Colligative Properties

Daisha Hopkins & Hannah Nixon

Colligative properties are consistent characteristics that change to mark that a solute has been added to a solvent, not reliant on what the solute is but on how much of the solute is present and its molar relation to the solution. These can be broken down into four specific characteristics: freezing point depression, boiling point elevation, vapor pressure reduction, and osmotic pressure.

Four Specific Properties

Freezing Point Depression:

When a solute is added to a solvent, it lowers the freezing point (the temperature at which liquid becomes solid) of the liquid solvent. The freezing point is when a substance's liquid and solid phases are at equilibrium (a state of balance), or its the temperature at which the molecules of a substance have organized themselves into a precise pattern that will become their solid structure.

The reason the freezing point of a solution is lower than the freezing point of a pure solvent is due to the fact that the solute's dissolved ions create issues when the solvent's molecules try to arrange themselves in their precise pattern.


                                                                           ΔT = i(Kb)m

ΔT = Change in temperature in °C
i = van 't Hoff factor
Kb = molal boiling point elevation constant in °C kg/mol
m = molality of the solute in mol solute/kg solvent.

Boiling Point Elevation:

When a non-violate solute is added to a solvent, it takes more energy to heat to the solution due to a combination of a change in vapor pressure and a change in chemical composition. Volatility is the amount of time a chemical agent will stay on the surface of a liquid before it evaporates, so a non-violate solute is a substance that is not likely to evaporate at room temperature.

Since the non-volatile solute takes more energy to make them evaporate, and it is now blocking the path of other molecules of the solvent, more energy is needed overall to cause evaporation.


                                                                         ΔT = i(Kf)m

ΔT = Change in temperature in °C
i = van 't Hoff factor
Kf = molal freezing point depression constant  in °C kg/mol
m = molality of the solute in mol solute/kg solvent.

Vapor Pressure Reduction:

When a non-violate solute is added to a solvent, the vapor pressure (pressure at which a substance is at equilibrium) decreases as some of the solvent's surface molecules are replaced by the solute. Vapor pressure is the amount of pressure exerted by a vapor against the sides of a closed container.

So, with the non-volatile solute, and the knowledge from 'Boiling Point Elevation' that these solutions are more difficult to evaporate, this all leads to there being less vapor made by these solvents, thus lowering the pressure.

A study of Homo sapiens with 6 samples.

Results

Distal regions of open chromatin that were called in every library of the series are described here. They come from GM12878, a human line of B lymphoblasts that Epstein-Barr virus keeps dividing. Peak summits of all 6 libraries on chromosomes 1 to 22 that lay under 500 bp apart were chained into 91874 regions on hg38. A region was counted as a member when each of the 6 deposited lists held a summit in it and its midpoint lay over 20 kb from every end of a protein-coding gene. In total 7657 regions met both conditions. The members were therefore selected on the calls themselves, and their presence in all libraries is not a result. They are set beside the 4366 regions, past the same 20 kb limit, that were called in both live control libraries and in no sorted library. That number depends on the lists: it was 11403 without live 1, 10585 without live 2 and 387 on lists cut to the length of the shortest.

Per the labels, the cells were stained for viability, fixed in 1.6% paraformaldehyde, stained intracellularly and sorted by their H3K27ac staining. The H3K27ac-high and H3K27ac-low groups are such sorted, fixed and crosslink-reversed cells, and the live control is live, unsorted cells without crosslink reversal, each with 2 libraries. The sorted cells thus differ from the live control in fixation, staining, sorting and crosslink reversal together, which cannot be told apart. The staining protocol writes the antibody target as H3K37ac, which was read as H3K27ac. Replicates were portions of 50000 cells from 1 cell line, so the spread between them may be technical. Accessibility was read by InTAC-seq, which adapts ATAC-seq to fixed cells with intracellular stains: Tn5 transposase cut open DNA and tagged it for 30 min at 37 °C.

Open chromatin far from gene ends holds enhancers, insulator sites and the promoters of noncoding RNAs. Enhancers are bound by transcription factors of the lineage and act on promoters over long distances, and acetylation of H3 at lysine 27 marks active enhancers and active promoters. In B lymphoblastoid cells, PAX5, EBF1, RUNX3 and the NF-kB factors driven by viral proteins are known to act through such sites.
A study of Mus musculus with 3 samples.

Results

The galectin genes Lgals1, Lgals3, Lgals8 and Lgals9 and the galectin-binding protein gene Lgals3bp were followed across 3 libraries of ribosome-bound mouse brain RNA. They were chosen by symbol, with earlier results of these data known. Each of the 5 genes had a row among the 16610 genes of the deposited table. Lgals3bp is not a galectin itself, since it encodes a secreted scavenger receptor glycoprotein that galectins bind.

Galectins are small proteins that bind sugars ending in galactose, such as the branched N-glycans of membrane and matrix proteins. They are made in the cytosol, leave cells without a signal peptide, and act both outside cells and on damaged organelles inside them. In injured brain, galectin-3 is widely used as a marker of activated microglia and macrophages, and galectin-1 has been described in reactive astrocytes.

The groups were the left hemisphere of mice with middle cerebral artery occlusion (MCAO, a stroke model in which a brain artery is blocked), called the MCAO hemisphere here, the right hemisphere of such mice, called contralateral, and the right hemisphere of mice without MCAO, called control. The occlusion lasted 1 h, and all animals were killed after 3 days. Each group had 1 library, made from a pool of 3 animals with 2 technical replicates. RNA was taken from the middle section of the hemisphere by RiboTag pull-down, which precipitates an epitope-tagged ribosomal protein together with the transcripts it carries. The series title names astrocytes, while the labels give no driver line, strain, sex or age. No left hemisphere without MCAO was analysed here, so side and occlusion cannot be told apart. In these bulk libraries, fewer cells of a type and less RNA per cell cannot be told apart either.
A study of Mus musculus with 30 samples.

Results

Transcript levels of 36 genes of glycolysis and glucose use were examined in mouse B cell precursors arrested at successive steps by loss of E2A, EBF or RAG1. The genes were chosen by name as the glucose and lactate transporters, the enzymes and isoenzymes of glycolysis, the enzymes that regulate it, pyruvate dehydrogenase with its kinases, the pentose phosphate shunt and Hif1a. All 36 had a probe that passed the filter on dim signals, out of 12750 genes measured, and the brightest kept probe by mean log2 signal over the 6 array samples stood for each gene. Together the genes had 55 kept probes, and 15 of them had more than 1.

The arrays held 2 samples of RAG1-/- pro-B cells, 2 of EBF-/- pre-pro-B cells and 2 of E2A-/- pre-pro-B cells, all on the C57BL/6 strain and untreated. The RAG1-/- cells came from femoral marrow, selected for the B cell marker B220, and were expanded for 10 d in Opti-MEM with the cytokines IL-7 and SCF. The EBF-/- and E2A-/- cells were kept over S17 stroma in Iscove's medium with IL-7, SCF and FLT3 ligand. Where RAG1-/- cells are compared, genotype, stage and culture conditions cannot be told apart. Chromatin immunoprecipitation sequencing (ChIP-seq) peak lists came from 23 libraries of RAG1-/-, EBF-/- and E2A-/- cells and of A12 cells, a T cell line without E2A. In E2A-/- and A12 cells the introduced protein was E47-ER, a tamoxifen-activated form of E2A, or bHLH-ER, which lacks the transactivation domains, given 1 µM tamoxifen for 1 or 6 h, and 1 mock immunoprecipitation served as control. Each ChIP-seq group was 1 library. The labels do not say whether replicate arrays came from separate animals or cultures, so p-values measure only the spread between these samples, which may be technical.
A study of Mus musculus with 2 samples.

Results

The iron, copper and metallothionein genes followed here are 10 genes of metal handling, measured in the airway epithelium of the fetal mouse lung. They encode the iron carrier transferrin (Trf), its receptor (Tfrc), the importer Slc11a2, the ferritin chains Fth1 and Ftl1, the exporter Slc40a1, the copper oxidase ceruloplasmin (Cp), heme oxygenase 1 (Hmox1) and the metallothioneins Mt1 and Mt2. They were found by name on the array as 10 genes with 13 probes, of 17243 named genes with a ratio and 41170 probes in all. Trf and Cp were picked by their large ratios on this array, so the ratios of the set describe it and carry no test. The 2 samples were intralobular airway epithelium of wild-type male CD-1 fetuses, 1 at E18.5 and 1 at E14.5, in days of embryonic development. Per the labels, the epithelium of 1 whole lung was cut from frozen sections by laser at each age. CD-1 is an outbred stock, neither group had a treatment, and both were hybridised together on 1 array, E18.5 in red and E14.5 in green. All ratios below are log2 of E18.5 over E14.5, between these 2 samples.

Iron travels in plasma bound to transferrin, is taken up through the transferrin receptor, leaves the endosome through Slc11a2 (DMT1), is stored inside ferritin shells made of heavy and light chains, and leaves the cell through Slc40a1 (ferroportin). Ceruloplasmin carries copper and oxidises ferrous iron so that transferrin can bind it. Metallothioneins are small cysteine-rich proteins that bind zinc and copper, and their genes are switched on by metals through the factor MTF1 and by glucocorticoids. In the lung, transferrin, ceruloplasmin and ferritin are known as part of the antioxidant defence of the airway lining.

Osmotic Pressure:

When a solute is added to a solvent, there is a change in osmotic pressure (the pressure needed to counteract osmosis or the flow of water between a membrane to reach equilibrium). Osmosis is the natural, passive flow of water between a membrane. In a container holds two sections of a solvent, divided by a selectively permeable membrane, the section of solvent that has a solute will rise in height with the added mass of the solute, but none of that solute will pass through the separating membrane due to the pressure it adds.

"In order to visualize this effect, imagine a U shaped clear tube with equal amounts of water on each side, separated by a membrane at its base that is impermeable to the sugar molecules (made from dialysis tubing). Sugar has been added to the water on one side. The height of the water on each side will change proportional to the pressure of the solutions." (Princeton University)


"Chemistry Explained." Colligative Properties. N.p., n.d.                                                                          Web. 1 Dec. 2014.

"Freezing Point Depression - Boundless Open Textbook."                                                                          Boundless. N.p., n.d. Web. 02 Dec. 2014.

Chemistry Learning Center. University of Illinois at                                                                                 Urbana-Champaign, n.d. Web. 2 Dec. 2014.

“Osmotic Pressure.” Boundless Chemistry. Boundless, 16                                                                       Nov. 2014. Retrieved 02 Dec. 2014

"Osmotic Pressure." Princeton University. N.p., n.d. Web.                                                                         02 Dec. 2014.

"Colloid Osmotic Pressure." , Reverse Osmosis,  Semipermeable                                                             Membrane. N.p., n.d. Web. 02 Dec. 2014.